I wouldn't call this work a "book". It is actually a long-winded string of cliches and banners meant to appeal to the grunt emotional level or two dimensional thinkers. It is as if, Morris needed some cash and, lying awake at night thinking about how to get some, decided to quickly dish out this work in case the rage began to settle.
He even disses Thomas Jefferson based on his naive understanding of events and attitudes at the time of the Declaration, Constitution and the Bill of Rights.
Pass on this bare-faced money grab by Morris The Light Weight. Go for "Freedom to Choose" by Milton Friedman, an original-thinking, provoking 30 year old explanation of the events that are shaking this Country that many of us still know and love.
The 99% of course, which I imagine isn't 99% but just a few pot-heads here and there in Manhattan and Paris.
He could have just foregone the expansive liberal thesis about the big bad masters of the universe keeping the heel to the neck of all the genius unknown garage bands of the world.
David could have read it himself. That would have been something. An audiobook as performance art.
He began brilliantly with a discussion/theory about how recorded music and performance are so very different. That's what I expected - not some rehashing about the abusive 1%.
David. Stay away from the politics - all that is so temporal. Do the big picture and the deep thought in the future.
Confessions of St. Augustine
A lot more that anyone could possibly want to know
This whole experiment with socialism is almost over.
Also could have been titled or perhaps "Requiem of a Light-Weight" of even "So What, Who Cares".
One can almost hear George III thinking out loud about the loss of all the vast open spaces of America. There is a total lack of any sense of awe of America in this Englishman's very long book. He strives to show how American Exceptionalism was merely the result of happy and brutal coincidence. Reading between the lines we see a typical European Liberal (in the modern vile sense of the word) green with envy that they lost their colonies.
I am about 15 hours into this long thing. Perhaps if he traveled the country like de Tocqueville he might have gotten a real sense of the American people. Instead we can imagine him up to his elbows in obscure research sources at Cambridge or at Cambridge West (Harvard).
So, to read this, you must endure continual subtle and overt leftist bias and his criticism of what is thinks is the American tendency to over react to imaginary threats (i.e. the silly red scar of the 1950s - which we have known since the fall of the USSR was real indeed).
I suppose this tendency to graft one's political biases onto past events is what makes many history books highly suspect.
But if you can hold your nose and get past the liberal bias, the book is interesting and has some original in-sights.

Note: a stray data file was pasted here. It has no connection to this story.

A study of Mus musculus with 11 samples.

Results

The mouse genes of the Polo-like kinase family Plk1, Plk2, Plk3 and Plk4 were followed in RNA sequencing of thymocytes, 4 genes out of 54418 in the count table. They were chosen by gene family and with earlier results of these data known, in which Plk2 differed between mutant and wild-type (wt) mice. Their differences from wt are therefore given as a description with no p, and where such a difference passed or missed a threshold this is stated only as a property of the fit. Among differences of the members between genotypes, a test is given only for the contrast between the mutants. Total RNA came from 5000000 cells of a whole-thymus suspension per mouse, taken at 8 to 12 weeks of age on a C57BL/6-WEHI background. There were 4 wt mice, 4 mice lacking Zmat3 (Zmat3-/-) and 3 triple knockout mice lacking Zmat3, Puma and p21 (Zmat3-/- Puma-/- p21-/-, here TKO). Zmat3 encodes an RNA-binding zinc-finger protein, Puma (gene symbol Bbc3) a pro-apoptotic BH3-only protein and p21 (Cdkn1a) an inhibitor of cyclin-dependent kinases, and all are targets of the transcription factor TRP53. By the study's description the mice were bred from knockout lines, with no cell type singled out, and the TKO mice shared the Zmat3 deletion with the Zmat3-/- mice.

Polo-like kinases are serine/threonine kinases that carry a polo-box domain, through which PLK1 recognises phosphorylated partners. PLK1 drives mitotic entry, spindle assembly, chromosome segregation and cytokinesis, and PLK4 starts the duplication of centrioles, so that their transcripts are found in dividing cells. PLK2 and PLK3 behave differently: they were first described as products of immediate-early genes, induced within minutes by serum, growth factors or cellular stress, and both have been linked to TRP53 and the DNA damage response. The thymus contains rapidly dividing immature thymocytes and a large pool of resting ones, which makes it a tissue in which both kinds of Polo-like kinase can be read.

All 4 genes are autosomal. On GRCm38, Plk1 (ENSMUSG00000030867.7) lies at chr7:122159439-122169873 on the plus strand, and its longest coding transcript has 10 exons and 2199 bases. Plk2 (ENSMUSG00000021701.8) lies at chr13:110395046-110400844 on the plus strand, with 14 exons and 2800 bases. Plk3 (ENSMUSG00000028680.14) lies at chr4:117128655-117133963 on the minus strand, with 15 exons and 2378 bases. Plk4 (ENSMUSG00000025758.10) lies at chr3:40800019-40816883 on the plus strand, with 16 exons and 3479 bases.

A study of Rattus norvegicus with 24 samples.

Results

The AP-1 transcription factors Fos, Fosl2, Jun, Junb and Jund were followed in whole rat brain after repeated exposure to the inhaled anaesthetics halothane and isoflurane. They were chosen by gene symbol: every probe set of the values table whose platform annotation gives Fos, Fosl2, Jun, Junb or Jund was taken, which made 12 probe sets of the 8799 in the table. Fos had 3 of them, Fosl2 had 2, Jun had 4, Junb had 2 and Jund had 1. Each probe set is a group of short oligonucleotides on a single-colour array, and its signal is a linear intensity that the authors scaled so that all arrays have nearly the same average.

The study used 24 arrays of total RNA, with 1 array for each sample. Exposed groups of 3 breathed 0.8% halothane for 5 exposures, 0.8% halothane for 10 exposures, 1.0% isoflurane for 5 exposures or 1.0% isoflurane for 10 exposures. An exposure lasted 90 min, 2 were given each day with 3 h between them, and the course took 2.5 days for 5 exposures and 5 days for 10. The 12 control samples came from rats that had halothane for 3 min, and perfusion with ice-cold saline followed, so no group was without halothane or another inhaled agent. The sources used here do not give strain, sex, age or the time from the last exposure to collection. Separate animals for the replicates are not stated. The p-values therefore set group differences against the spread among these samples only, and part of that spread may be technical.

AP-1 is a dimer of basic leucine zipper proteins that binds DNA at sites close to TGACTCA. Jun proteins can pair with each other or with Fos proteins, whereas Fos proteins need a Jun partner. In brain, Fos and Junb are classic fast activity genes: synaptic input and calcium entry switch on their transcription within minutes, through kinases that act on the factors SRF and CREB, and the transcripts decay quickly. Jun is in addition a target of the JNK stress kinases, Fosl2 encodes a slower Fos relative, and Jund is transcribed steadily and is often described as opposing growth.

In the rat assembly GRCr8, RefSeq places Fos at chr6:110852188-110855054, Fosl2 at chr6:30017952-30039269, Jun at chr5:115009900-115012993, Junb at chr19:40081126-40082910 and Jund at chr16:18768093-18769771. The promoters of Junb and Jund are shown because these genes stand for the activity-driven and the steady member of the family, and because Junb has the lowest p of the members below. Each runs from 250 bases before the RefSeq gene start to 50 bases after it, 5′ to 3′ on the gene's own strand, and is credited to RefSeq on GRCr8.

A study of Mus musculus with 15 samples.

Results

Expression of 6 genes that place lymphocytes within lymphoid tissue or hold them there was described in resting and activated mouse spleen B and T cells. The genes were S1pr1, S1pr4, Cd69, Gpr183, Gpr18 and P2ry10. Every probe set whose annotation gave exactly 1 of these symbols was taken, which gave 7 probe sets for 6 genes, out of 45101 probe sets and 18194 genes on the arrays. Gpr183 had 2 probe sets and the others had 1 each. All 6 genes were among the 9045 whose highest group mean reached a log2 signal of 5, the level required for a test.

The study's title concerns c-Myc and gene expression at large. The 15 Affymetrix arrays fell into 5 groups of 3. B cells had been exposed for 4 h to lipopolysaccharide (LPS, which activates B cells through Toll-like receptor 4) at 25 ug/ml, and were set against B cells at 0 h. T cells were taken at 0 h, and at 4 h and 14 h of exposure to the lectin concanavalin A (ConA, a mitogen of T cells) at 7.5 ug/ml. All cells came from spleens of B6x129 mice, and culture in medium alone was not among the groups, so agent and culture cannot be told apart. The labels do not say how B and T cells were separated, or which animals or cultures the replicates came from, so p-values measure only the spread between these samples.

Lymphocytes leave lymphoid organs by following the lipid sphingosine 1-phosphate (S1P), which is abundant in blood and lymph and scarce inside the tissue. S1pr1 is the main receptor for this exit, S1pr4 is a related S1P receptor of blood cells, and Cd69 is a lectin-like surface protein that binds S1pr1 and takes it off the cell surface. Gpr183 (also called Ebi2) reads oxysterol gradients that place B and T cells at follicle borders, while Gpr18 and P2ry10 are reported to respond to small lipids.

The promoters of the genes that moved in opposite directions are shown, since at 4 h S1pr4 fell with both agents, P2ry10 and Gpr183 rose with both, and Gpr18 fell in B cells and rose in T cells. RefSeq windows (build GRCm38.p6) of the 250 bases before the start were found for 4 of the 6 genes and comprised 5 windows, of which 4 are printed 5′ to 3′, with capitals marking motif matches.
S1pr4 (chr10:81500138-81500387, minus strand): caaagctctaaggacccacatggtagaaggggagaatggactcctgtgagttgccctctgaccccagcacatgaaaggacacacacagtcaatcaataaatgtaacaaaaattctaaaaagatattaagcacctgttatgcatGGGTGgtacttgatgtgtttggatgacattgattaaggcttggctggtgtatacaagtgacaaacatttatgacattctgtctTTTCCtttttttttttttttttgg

Too bad it was read by some lady with a stuffy British accent. This is another substantial negative.
This is bit of self-plagarism from his earlier works which were much more comprehensive and comprehendible. A feeble attempt to explain M theory. Finally, to me the book seemed to be a vehicle for Hawkings to declare that there is no God and that astro/nuclear physics proves the fact. Nothing new here except for great cynicism from a man who, in an alternate universe, awakes each day thankful for the Grace of God.
The speaker is probably good. However the producers of this great book have compressed (speeded up the reading) to a very annoying, highly unnatural and way to rapid. It makes the reader seem frantic to finish it up. How could this have happened to an author like Sowell. Buy the book or wait for the audio redo.
May have been something too it but couldn't get past the readers. Don't they audition the readers and at least strive for tolerability?
I read it. When finished, my only thought was, Who cares? What, he's like a famous statistician right? He's a hero in his own discredited mind.
One of the best books I've ever read. With probing intelligence and a lifetime of economics experience discriminating between economists truth and lies, Melloan offers a clear and panoramic view of the peril our country has been placed in by Obama et al.
This is not another emotional regurgitation of well known cliches in the manner of Glenn Beck and Dick Morris. This is an honest to goodness presentation of new ideas and insights. I have read it twice. I am knocked over by the depth of experience that over a half century of being on the economic front lines brings.
The reader was very good but the production company did one of those compressions thinking we didn't need as much time between words. That practice should be abandoned. Even still, the reader himself was very good.
If you're a Sowell reader, you already read this stuff. Includes previously famous articles and there is even a chapter of one sentence aphorisms. A crass $ grab? Say it isn't so Tom.
Who said liberal critics have to be dry and devoid of humor. Ann Coulter just saved me from an major depressive episode. Really funny with unique and cutting insights. Read anything from this savant.